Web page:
Amidst the twists and turns women already face at workplaces, here comes another challenge — and we are not happy about it! The Karnataka legislature panel’s new proposal to IT and Bio-technology companies in Bengaluru is that women should not be made to do night shifts in order to ensure their safety and security.
The report was submitted in the legislature assembly on Monday. According to it, if female employees, who are working in IT and BT companies, accept the plan to shift their time slot from night to morning or afternoon, there would be a major change in the city’s safety scenario and that the government could prevent many crimes from happening.
The N A Haris-led legislature committee of women and child welfare advocates the proposal, urging that women employees in these companies be immediately shifted in the morning or afternoon shifts in order to take precautions before any sexual crimes take place. The report asks men to work more in night shifts.
Quoting from TOI, the report claims, “On September 9, 2016, the committee had visited Infosys and Biocon and interacted with the management, employees and other stakeholders and based on their feedback, it made these recommendations.”
To enable gender equality among the workplaces, last year the state government had decided to provide freedom, of any kind, to women employees on whether they want to work night or day shifts in all sectors. Before that step, women were only placed in night shifts for IT and ITES sectors. Various industry bodies had given their nod at that time.
But the new proposal was initiated after seeing an increase in sexual crimes within the companies.
This brings us to another amendment, the Shops and Commercial Establishments Act, 1961 and the Factories Act 1948, in which the government has again proposed to enable provisions for women to work in night shifts and also ensure their safety and security.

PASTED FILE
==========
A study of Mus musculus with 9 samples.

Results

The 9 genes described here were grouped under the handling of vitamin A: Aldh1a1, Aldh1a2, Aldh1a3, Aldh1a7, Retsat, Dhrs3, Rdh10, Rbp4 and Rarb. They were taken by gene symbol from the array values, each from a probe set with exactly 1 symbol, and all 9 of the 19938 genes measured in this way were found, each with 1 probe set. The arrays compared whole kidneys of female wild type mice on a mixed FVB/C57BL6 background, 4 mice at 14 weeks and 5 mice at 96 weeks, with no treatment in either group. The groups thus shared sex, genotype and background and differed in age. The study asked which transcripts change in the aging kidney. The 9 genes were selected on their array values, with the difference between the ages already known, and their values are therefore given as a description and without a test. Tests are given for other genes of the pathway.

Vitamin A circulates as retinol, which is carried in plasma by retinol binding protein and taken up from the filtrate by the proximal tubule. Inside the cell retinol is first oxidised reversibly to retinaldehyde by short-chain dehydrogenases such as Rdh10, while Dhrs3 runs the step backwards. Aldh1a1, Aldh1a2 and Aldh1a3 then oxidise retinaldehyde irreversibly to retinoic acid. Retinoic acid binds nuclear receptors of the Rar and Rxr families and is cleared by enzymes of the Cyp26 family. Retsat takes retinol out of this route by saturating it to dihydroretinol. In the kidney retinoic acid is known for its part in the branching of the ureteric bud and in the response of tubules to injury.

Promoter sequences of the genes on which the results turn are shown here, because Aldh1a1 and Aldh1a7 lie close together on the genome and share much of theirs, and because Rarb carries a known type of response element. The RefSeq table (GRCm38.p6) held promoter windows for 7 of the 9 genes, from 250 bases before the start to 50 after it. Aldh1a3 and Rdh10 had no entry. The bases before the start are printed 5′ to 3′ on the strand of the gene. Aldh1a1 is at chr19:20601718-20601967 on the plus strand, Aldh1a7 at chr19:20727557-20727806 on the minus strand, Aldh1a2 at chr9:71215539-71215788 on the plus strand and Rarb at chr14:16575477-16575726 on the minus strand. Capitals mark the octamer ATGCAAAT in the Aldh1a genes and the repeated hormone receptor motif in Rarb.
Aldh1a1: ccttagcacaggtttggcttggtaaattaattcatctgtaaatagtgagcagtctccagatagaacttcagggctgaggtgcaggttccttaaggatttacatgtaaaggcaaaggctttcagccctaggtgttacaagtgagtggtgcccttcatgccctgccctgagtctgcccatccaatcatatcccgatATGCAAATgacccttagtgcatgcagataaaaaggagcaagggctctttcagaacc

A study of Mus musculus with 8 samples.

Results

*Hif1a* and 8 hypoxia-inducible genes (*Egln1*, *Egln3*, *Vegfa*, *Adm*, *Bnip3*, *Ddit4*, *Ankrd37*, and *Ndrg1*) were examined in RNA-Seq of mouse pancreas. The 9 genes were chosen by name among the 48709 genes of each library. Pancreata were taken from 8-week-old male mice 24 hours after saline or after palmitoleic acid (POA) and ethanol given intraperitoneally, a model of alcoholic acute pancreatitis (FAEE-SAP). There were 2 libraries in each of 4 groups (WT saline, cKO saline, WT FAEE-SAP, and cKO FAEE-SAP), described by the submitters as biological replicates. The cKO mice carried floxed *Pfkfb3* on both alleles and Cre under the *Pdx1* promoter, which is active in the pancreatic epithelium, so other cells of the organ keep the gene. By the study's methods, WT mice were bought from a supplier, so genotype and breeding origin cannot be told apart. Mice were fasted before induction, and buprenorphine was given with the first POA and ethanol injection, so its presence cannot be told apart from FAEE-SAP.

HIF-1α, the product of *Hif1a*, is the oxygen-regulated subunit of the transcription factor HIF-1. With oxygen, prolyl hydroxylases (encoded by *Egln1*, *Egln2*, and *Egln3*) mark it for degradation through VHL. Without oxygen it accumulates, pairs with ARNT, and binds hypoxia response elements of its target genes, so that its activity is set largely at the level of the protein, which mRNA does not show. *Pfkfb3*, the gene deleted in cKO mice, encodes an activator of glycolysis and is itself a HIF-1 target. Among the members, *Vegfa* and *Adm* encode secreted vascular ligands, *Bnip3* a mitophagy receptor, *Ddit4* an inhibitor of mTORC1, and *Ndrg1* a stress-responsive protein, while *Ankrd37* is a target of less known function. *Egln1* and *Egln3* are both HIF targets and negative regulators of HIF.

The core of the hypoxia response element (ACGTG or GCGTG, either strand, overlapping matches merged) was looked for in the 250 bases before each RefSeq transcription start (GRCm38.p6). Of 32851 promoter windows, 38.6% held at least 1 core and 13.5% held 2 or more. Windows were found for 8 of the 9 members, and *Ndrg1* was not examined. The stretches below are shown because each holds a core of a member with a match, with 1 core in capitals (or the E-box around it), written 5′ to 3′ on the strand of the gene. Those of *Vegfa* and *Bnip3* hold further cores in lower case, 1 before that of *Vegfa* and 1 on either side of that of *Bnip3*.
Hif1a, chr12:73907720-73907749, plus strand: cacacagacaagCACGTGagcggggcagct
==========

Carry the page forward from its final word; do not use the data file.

The committee is also digging deep in the cases of rape and murder of women and children and scrutinizing the existing laws to bring justice. ”In the absence of stringent laws, many accused are able to go scot-free or get less quantum of punishment,” the report said, while calling for more stringent action against doctors / hospitals encouraging female foeticide.
The other add-ons to the recommendations are:
- Women employees working in factories should avail of special bus service.
- Toll-free helpline number linking police and ambulance for women, children and senior citizens should be alerted.
- The Pink Police and Pink police app that is now limited to Bengaluru should be extended to the state.
- While we believe that the motive is plain and simple, but applying this formula could largely harm women’s participation in the firms, especially while hiring female employees in the team. The loophole in this case is that most of the companies would prefer men while hiring, thinking of the productivity they could offer, regardless of any preferable timing.
- The proposal limits the benefits to a woman who decides to opt for multiple jobs.
- It also ignores the value of women in any organisation/sector. This could lead to hugely exploitative work conditions. The moment a woman is chosen to be put in a particular time slot, she would be seen as a liability. Why would companies hire women for a particular routine when they have the chance to enlarge the team with men only who would work in any given slot?
- Gender diversity in a company would be at stake.
- When an organisation decides to hire people and has a choice between male and female candidates, chances are that men would be preferred because any company would want to increase productivity.